Celebrating Shogatsu? 12 Authentic Japanese New Year Foods

The traditional New Year's food in Japan is called "osechi-ryori," and it consists of numerous little dishes based on region and history. Here is a list of some common and not-so-common foods found in osechi-ryori.

A traditional local New Year’s food known as osechi-ryori is commonly consumed on New Year's Day (which is referred to in Japanese as "Ganjitsu"). Osechi-ryori, or often called just “osechi,” is a food that consists of various colourful dishes. To see more examples of food eaten during the New Year celebration in Japan, see 8 Kinds of Food Served During the Japanese New Year. As the New Year symbolizes a new beginning, osechi-ryori consists of food with auspicious meanings. The dishes are stored in a three or four-tiered container called "Jubako." On Ganjitsu, people are not supposed to work, including the housewives. Hence, osechi is prepared in advance for Ganjitsu.

The tradition of eating osechi can be traced back to the Heian Period (794 to 1185). In early days, it was believed that no one should use a hearth nor cook a meal (exception was given to zoni, a typical soup for the New Year) on the first three days of the year. Hence, osechi conists of preserved dishes which usually can be kept at room temperature for a few days.

Over the years, the popularity of osechi in Japan has been dropping. Not only do the dishes take a lot of effort to prepare, but many people see the preserved dishes as unhealthy. Nowadays, you could get osechi in supermarkets easily and the cost of osechi is also high due to the complexity of the food, another reason for its declining popularity.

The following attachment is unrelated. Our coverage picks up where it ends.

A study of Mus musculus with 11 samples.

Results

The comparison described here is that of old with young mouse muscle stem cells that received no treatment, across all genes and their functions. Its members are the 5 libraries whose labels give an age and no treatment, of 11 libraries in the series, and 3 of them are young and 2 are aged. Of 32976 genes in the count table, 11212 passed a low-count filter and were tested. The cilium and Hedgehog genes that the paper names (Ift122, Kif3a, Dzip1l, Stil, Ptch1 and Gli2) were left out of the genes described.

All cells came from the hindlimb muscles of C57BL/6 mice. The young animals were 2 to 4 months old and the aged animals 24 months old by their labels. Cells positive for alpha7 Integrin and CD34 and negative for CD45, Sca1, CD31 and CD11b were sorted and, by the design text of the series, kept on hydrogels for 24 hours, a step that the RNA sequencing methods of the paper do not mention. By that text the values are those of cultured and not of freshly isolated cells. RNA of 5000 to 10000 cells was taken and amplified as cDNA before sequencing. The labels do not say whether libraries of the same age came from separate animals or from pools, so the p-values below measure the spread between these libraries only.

For those who are visiting Japan this coming New Year, you might want to try this traditional New Year’s food, even though it is losing its popularity it is still good to taste a traditional meal.

1. Kuromame

Kuromame are sweetened black beans that usually symbolize good health.

2. Kamaboko

Kamaboko are to boiled fish cakes that come in pink and white colours.

3. Kazunoko

Usually seasoned with light soy souce, Kazunoko is herring roe. It symbolizes fertility due to the amount of eggs it has.

4. Kurikinton

Kurikonton consists of boiled mashed sweet potatoes (satsumaimo) and sweet chestnuts (kuri).

The characters for kinton literally mean “group of gold”, so with the golden color of this sweet, it represents a wish for wealth and financial success in the New Year.

5. Nishime

Nishime consists of mix boiled vegetables which are usually beautifully arranged. Some of the vegetables include burdock root (gobo), carrot, lotus root (renkon) and taro (yatsugashira).

6. Kabu-no-sunomono

This is a whole baby turnip cut to look like a chrysanthemum flower that’s then pickled in vinegar, salt and sugar with some chili pepper in the middle. The chrysanthemum is the symbol of the emperor and is used to mark joyous occasions.

7. Ebi

Ebi means prawn. It is usually cooked together with sake and soy sauce. Sometimes instead of ebi, lobster is used. Ebi symbolizes a long life - that you will live until your beard grows long and your waist bends.

8. Toriniku-no-teriyaki

Toriniku-no-teriyaki means grilled chicken with sweet soy sauce. Although this is not a common dish found in Osechi-ryori, you might find it sometimes.

9. Tai

Tai is refers to red sea-bream in Japanese. The word “tai” is often related to “medetai” (meaning auspicious in English).

10. Ika

Ika means squid in Japanese. This is another uncommon dish served in osechi-ryori.

11. Nama-fu

Nama-fu means wheat gluten. The mixture of glutinous rice flour and millet is steamed and shaped in desired patterns and colours.

12. Tazukuri

Baby dried anchovies are roasted and coated with sweet caramelized soy sauce and sesame seeds. Tazukuri, which literally translates to “making rice fields” symbolizes a bountiful harvest.